When marital disharmony creeps into the boardroom


Since the season of goodwill is a notorious period for matrimonial disharmony, it is timely that the two firms have collaborated on a book designed to help business owners through their own particular pitfalls at the time of divorce.

Written by Michael Drake, a divorce lawyer at Collyer-Bristow, and Tim Lawrence, of Coopers accountants, Divorce and the Family Business (Jordan Publishing, pounds 32.50) is aimed at business advisers, but the authors point out that the issues it raises are relevant to the owners, too.

Clearly, a divorce involving a business can be doubly traumatic: as well as settling domestic issues, the owner will have to have the business valued, an accountant selected and briefed, any hidden wealth disclosed, funds raised for a settlement, tax and company pension schemes sorted out, and documents discovered. "So if the marriage looks shaky, business owners need advisers who are expert in both matrimonial law and business finance," they say.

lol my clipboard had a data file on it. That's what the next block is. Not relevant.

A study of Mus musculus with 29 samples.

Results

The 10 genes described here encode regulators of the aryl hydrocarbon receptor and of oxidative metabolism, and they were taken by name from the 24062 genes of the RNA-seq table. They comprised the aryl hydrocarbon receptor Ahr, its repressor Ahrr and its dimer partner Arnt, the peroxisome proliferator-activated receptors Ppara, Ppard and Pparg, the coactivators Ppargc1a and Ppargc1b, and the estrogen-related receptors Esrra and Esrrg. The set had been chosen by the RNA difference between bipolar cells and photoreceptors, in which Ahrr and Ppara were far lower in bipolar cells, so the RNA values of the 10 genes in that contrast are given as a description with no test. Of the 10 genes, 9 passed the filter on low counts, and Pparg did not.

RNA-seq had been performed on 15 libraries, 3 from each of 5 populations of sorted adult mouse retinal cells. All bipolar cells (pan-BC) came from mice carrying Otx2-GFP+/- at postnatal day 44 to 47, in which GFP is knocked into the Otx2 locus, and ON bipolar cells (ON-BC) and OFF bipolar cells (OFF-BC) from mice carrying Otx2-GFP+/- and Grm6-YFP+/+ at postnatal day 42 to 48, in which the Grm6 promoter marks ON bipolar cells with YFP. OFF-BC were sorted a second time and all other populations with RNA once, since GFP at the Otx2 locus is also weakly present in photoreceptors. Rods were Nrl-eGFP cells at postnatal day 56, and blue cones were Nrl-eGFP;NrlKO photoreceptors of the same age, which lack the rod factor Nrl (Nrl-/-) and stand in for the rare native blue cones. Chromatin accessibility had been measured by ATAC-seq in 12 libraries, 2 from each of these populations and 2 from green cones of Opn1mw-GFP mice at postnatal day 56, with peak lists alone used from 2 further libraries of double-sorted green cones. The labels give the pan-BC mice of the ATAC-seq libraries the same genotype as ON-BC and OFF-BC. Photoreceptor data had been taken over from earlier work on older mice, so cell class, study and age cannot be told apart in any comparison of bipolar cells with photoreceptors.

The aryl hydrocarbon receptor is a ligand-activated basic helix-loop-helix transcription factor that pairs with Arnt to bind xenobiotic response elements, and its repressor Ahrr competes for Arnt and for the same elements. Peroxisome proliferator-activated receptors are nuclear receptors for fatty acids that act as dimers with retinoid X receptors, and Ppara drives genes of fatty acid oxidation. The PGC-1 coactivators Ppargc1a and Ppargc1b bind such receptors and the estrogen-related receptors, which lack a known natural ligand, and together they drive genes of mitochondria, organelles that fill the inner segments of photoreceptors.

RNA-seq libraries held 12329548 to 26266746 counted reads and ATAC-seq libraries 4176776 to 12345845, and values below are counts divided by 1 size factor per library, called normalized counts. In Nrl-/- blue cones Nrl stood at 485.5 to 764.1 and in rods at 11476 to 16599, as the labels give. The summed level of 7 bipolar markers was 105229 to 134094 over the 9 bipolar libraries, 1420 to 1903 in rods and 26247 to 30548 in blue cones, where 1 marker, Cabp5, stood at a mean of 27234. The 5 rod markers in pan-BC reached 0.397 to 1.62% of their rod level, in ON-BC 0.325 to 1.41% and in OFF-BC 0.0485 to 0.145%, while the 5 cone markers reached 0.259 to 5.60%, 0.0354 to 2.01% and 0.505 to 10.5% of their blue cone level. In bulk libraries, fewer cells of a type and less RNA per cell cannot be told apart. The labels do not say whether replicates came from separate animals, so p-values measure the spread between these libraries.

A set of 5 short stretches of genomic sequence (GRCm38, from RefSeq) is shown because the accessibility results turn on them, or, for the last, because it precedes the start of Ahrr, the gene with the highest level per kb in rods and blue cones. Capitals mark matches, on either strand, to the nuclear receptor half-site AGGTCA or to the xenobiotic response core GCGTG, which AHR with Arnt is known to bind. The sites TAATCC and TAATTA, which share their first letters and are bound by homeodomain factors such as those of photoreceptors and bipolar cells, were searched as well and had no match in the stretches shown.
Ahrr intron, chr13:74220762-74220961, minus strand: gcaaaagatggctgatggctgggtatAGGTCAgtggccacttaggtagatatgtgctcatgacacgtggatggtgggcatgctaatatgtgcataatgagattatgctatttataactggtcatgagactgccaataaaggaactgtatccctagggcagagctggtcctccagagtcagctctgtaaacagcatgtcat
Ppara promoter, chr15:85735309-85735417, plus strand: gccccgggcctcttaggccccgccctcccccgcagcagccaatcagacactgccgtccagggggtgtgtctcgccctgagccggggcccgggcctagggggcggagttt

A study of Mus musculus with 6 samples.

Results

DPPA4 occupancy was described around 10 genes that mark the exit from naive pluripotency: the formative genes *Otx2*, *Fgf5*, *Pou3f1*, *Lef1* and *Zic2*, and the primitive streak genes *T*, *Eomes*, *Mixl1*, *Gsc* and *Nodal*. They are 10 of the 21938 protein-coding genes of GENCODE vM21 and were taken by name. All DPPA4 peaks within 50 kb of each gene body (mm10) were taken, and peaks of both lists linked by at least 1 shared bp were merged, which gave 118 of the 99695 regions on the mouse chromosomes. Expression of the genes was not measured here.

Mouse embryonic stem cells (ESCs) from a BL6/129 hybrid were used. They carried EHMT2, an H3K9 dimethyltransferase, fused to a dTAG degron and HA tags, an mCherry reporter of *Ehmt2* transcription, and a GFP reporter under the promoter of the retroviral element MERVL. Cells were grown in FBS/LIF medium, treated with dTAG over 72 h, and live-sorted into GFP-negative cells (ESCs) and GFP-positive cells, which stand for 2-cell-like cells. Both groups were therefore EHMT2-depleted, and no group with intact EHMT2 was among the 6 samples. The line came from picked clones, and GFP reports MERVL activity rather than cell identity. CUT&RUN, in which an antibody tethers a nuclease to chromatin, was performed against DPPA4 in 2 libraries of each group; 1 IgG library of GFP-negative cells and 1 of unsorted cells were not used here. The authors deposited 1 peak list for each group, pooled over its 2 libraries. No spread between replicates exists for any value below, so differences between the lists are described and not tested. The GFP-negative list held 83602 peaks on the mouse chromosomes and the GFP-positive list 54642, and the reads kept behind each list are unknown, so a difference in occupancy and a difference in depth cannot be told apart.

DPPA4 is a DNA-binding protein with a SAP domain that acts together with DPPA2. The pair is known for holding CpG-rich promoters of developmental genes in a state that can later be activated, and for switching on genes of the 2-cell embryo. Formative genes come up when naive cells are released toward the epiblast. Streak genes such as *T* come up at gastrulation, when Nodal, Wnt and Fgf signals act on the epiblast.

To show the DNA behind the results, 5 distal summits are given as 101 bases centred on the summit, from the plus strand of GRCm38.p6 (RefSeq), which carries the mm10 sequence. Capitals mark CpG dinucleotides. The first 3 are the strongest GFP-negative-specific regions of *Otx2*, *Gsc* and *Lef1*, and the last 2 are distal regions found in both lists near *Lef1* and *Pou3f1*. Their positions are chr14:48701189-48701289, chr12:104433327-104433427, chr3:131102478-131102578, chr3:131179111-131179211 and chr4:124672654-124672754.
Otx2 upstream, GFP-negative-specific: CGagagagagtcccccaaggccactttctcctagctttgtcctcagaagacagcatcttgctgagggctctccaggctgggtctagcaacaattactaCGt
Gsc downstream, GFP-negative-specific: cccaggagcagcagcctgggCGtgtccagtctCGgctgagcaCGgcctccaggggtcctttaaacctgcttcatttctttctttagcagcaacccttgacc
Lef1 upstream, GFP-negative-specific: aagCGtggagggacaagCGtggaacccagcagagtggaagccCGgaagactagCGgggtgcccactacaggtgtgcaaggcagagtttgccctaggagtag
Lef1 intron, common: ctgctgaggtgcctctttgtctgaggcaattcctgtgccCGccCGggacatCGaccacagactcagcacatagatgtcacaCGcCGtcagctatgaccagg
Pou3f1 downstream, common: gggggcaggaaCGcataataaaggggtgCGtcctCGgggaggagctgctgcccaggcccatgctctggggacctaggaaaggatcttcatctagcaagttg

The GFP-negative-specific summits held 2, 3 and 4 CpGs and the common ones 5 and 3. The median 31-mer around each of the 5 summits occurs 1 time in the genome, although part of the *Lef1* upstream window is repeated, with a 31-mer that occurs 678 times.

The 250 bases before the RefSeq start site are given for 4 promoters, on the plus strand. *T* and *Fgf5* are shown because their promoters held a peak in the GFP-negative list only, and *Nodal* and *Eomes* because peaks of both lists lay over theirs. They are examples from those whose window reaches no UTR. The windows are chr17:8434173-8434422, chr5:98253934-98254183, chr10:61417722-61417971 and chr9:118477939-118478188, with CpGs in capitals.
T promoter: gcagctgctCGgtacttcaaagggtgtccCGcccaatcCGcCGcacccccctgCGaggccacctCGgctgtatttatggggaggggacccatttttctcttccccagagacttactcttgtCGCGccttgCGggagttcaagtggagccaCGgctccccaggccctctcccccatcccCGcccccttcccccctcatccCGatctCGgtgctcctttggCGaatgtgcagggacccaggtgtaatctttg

One special problem that sometimes needs to be resolved is whether a couple who are both involved in running a business can continue to run it together during or after a divorce. Unsurprisingly, Mr Drake and Mr Lawrence emphasise that it is very rare for a couple to resolve their personal problems and continue to work together effectively. Moreover, advisers need to be conscious of the emotional turmoil that results while also thinking about possibilities for continuing the business. In particular, they need to decide whether, if there is a parting of the ways, one spouse can continue to run it alone.